Healthcare is one of the largest industries. The United States spends approximately $2 trillion each year on healthcare. Unfortunately, the United States also spends almost $68 billion each year on healthcare fraud.
Types of Healthcare Fraud
Due to the large industry of healthcare, fraudulent activity has been rampant over the last two decades. As a result, the government has put into action task forces to diligently monitor and handle healthcare fraud. The majority of healthcare fraud occurs with Medicaid and Medicare.
There are many ways in which a business or government professional can perform healthcare fraud. A top culprit is overbilling or billing for services that are non-existent. Another common fraudulent activity is increasing the cost of a medical procedure by billing for each step of the procedure.
Mis-diagnosing or the false diagnosis of a patient in order to receive financial gain is healthcare fraud. When a physician’s office or hospital does not accurately classify a procedure with the purpose of being compensated, they are guilty of healthcare fraud.
Billing more for a service than what it is worth is called upcoding. Upcoding allows the organization to bill for more money and this is considered healthcare fraud. Kickbacks and incentives for patient referrals or tampering with deductibles and copays are all criminal activities.
Medicare Fraud Laws
The government is making it harder for people to participate in healthcare fraud. Laws and policies are set in place to limit healthcare fraud and misconduct. The following federal laws monitor healthcare fraud:
• Anti-Kickback Statute – This law prohibits a person from receiving any type of incentive, payment, or reward for referring patients.
• False Claims Act – This act prohibits submitting false insurance or healthcare claims to the United States government.
• Stark Law – The Physician Self-Referral Act prohibits physicians from referring patients to doctors and facilities in which there is a vested financial interest.
• Exclusion Statute – With this act, doctors that have a history or have been convicted of criminal crimes cannot participate in Medicare.
• Civil Monetary Penalty Law – The law states that monetary penalties and Medicare exclusion can take place for any type of government fraudulent behavior.
The laws above are all governed by the Office of Inspector General, the Department of Health and Human Services, and the U.S. Department of Justice. These are the laws that govern Medicare fraud in the United States.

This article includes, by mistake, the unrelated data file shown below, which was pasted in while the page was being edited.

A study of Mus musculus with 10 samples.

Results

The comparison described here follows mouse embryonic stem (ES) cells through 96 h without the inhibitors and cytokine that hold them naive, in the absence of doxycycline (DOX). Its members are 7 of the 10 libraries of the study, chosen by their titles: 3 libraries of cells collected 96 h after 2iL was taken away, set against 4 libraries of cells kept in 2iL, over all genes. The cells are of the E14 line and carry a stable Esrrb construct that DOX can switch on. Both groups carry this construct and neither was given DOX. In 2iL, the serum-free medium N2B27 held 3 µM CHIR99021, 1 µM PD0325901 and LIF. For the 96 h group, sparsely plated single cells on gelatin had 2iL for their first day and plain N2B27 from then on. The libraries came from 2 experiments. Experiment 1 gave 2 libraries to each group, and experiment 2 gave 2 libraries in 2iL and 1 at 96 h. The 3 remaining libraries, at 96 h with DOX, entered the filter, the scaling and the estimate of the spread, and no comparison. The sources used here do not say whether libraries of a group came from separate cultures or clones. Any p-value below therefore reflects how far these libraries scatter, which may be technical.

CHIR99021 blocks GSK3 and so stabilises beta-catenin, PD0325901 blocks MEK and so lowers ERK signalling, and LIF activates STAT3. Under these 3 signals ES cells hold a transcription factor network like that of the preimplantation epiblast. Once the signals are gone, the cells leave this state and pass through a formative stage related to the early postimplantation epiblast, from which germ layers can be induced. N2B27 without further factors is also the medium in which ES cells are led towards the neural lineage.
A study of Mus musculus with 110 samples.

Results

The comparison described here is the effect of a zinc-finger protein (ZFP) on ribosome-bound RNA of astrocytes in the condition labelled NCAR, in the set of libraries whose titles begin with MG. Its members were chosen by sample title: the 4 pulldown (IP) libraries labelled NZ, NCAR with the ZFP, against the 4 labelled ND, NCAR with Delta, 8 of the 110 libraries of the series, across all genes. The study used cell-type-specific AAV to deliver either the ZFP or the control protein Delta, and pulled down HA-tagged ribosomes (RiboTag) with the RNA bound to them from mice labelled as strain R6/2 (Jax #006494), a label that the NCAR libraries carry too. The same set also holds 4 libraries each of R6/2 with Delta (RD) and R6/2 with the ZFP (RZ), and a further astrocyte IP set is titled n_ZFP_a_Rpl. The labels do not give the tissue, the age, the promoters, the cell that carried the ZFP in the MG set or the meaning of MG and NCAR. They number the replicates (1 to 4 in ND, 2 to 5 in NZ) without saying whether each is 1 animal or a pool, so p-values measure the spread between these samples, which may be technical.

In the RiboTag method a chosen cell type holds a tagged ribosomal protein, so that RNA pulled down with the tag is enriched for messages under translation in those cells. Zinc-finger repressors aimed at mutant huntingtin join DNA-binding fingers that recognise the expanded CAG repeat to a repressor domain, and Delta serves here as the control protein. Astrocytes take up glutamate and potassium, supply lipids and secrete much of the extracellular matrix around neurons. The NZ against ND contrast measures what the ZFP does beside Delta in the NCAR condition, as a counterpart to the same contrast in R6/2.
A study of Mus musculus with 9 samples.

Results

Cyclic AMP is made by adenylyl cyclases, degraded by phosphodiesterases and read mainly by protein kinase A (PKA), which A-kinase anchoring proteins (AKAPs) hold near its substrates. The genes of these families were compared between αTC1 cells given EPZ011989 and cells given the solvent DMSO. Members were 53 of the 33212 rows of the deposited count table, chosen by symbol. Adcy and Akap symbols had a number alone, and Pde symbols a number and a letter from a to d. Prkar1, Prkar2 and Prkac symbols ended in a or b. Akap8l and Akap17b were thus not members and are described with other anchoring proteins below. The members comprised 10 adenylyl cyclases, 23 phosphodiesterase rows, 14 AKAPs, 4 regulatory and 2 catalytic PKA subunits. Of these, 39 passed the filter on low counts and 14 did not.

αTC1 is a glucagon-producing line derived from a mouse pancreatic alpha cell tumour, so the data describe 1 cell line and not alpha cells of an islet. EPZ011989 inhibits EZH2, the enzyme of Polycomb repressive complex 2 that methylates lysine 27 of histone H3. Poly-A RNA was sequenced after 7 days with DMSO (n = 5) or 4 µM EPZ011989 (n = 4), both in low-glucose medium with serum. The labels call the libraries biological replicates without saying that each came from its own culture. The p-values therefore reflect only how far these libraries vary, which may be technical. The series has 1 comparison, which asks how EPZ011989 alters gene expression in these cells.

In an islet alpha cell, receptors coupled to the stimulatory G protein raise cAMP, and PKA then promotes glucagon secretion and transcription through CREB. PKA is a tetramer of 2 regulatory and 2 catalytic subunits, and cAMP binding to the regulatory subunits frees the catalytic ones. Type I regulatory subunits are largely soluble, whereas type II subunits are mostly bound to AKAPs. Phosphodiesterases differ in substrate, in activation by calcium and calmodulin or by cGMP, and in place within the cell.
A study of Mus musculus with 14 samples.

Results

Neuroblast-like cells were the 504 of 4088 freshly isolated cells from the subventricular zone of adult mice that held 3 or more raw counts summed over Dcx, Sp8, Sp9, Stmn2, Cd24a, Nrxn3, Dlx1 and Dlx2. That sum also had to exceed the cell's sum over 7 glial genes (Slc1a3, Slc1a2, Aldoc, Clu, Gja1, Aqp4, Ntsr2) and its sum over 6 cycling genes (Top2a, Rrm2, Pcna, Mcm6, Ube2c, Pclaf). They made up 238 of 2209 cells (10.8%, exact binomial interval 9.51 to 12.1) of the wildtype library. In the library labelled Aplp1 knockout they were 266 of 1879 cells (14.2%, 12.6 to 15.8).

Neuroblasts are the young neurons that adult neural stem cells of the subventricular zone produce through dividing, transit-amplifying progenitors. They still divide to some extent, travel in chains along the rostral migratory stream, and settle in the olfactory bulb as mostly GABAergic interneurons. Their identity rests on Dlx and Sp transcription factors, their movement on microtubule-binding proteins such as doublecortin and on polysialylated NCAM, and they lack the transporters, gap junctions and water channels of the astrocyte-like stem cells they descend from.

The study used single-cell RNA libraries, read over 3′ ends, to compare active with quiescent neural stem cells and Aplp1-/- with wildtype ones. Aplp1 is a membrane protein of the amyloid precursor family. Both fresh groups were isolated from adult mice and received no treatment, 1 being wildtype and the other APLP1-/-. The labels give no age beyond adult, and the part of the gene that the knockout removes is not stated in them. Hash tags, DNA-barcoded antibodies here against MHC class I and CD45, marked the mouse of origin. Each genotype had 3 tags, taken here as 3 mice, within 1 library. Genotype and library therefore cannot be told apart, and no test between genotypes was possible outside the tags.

Medicare Fraud Punishment
A Medicare fraud punishment or sentence is influenced by the amount of money that was falsely claimed. The maximum sentence for healthcare fraud is 10 years.
Although this is the maximum sentence in most states it can be increased if bodily injury occurs as a result of fraudulent activity. In this case, a person can face up to 20 years of prison time. If death occurs as a result of Medicare fraud, a person can face life in prison.
There are different categories of punishment and violation dealing with Medicare fraud. Violations under the False Claims Act may result in a $250,000 fine and 5 years of prison time. If the Anti-Kickback Statute is violated, you can expect 5 years of prison time and a $25,000 fine.
Punishment does not stop with fines and jail time. Medicare fraud can result in a physician losing their license or not being able to participate in healthcare programs funded by the federal government.
Medicare Fraud Defense
In some cases, a healthcare provider can be improperly charged with Medicare fraud. Honest billing mistakes or not reporting accurately can cause a red flag for Medicare Fraud.
A full investigation is required if Medicare fraud is expected. Attorneys are able to help navigate the process of making sure the Medicare fraud is accurate or if it was an honest mistake.
A Medicare fraud case can include multiple people. An investigation is required to determine who is at fault and the extent of the damages. The U.S. government has put many teams in place to protect patients and to limit Medicare fraud.